Celia Israel

Long-time legislator plans to use creative solutions to tackle difficult problems in her city

DAVID TAFFET | Senior Staff Writer

Seven candidates have filed to run for Austin mayor, but the race is coming down to just two of them — Kirk Watson and Celia Israel. Watson is a former Austin mayor and former state senator who ran for attorney general in 2002 but was defeated by Greg Abbott.

Israel has been a state representative since 2014 and was a founder of the House LGBT Caucus.

Though both are Democrats running in a non-partisan race, Israel is quick to distance herself from her opponent: “Watson is running a status quo, Chamber of Commerce, good ol’ boy race,” Israel said.

Israel said deciding to run was a difficult decision for her. Popular in her north Austin district, she could have easily retained her seat in the state House and continued to be one of the loudest voices there standing up for trans kids. But she wanted to move into a new role to help make progress in her city.

“The city of Austin is in a really bad place when it comes to affordability,” she said. “I’ll be a mayor for all of Austin.”

Like Dallas, Austin has a mayor and city council, with daily administration handled by a city manager. In the last census, Austin’s population topped 1 million, making it the 11th largest city in the country. Dallas has a couple of hundred thousand people more residents and is ninth-largest. Austin is the second largest state capital in the country after Phoenix. But unlike Phoenix, Austin isn’t the largest city in its state; it’s only fourth largest.

Austin’s city council has 10 members plus the mayor, compared to Dallas’ 14 members plus a mayor.

Like Houston, Austin moved its local elections to November to increase voter turnout. Israel is competing for a two-year term; after that term, mayoral elections in Austin will sync with presidential elections, with candidates vying for four-year terms.

The LGBT Victory Fund has endorsed Israel, who said she’s embraced her differences. If elected, she won’t be the first lesbian mayor of a major city in Texas. That title goes to former Houston Mayor Annise Parker, who now heads the Victory Fund. But, if elected, Israel would become the first Latina mayor of a major American city.

“Celia has a distinguished record in the House,” Parker said. “She appeals to folks in the city who have felt marginalized and want change and inclusion.”

Parker said Watson is well-respected, well-known and well-funded. But he’s running a campaign based on “You liked me 20 years ago,” she added. “He’s been out of the loop a long time and represents the old guard.”

What are Israel’s chances? Parker, with a nod to the abortion issue, said, “I’d love to be a woman on the ballot this year.”

But housing remains Israel’s top issue, and she has creative ideas that could make a big difference. “I have an opportunity to recalibrate,” she said.

By that, Israel means opening creative partnerships with community-based organizations to build “workforce-friendly housing.” But where would they put this housing?

“The city is full of dead parking lots,” Israel explained. She said there are also a number of empty big box stores that could be repurposed into affordable housing. “And,” she added, “repurpose public land.”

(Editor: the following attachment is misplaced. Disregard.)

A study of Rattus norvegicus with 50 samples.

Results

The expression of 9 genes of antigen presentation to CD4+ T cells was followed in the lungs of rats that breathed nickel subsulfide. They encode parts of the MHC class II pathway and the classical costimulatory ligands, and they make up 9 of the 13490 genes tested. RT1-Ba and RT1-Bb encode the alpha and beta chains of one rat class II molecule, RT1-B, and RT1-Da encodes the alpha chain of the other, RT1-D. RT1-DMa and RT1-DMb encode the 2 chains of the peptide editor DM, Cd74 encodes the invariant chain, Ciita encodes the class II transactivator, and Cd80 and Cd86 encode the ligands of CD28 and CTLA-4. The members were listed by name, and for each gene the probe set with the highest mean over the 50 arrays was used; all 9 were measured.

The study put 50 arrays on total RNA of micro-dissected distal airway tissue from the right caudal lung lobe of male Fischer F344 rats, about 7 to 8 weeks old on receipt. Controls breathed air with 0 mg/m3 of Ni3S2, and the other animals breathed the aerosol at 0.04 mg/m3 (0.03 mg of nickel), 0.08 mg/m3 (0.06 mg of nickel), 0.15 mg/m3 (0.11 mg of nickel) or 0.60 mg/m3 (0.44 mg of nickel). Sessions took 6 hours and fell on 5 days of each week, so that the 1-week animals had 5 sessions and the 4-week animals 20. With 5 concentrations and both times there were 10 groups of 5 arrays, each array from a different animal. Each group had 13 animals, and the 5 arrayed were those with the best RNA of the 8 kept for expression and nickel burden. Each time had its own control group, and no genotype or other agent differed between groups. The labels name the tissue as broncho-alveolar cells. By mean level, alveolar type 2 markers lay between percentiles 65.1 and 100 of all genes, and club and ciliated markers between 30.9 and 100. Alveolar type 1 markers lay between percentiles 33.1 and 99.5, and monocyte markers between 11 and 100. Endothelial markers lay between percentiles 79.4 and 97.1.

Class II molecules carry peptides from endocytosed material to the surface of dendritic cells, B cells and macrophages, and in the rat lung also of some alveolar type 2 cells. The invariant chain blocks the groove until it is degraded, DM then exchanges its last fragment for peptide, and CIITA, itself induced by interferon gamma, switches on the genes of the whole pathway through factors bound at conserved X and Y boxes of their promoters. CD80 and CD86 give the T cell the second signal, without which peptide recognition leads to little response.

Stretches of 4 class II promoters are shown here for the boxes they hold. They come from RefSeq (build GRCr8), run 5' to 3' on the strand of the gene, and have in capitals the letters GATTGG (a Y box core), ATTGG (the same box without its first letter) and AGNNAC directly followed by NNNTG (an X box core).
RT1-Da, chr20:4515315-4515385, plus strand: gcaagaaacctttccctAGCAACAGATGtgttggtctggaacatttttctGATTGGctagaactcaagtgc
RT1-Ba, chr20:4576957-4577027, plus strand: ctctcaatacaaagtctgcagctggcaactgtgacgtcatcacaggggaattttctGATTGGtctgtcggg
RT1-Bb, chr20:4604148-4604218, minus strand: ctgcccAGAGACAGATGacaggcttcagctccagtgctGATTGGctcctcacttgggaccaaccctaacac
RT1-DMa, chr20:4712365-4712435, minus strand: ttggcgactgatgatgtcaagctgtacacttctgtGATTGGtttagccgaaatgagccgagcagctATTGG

Rents in Austin have soared some 35 percent over the past year — even more than rents have increased in Dallas. The median home price in Austin is $600,000 and Israel, herself, was hit with a $300 a month rent increase.

“Take it or leave it,” she said she was told.

Trucks filled with furniture have become a common sight in Austin, Israel said, adding, “Austin is becoming a city more accustomed to pushing people out.”

To find something affordable, Austinites are moving to the outskirts of the region but then spending more money on gas to commute back in.

“I learned from nine years at the Legislature, we can come together for creative solutions,” Israel said, pledging to address transportation problems as well as housing.

Transportation is a big problem in Austin, and Israel devoted much of her time in the Legislature working on transit issues. She said she envies Dallas’ DART system and that Austin has quite a way to go to catch up. Currently the city has one line, but a 2020 bond package will go a long way toward offering rail solutions.

“Issues around the environment are always big,” Israel said, noting that Austin has to be careful with its water supply and air quality.

“And don’t deny science,” she continued. “The climate is changing.”

As the state capital, Austin faces a number of challenges from statewide elected officials who treat the city like a “political piñata,” Israel said. Rather than lead or partner with the city, the governor and others blame city officials for homelessness, skyrocketing costs and traffic congestion.

Israel said there’s a lot of youthful energy in Austin. “Younger women are angry over rights to their body,” she said. “Come join us. Be part of this.”

Voter registration matters, Israel said. “If we can turn them out, we win,” she said.

Looking at things with her legislative eye, Israel pointed out the state will have a $25 billion surplus to work with in January as a result of the rise in energy prices. She said her colleagues could make a huge difference in cities across the state by funding education to equalize our public schools.

Israel said she learned a lot during the last session of the Legislature that included three special sessions. For example, “Breaking quorum and taking it to D.C.?” she said. “I learned I’m a great fighter.”

But she said she also learned as a lesbian working on transportation issues how to work with colleagues across party lines. “People want to know you’re a fighter,” she said, but also someone who will get things done.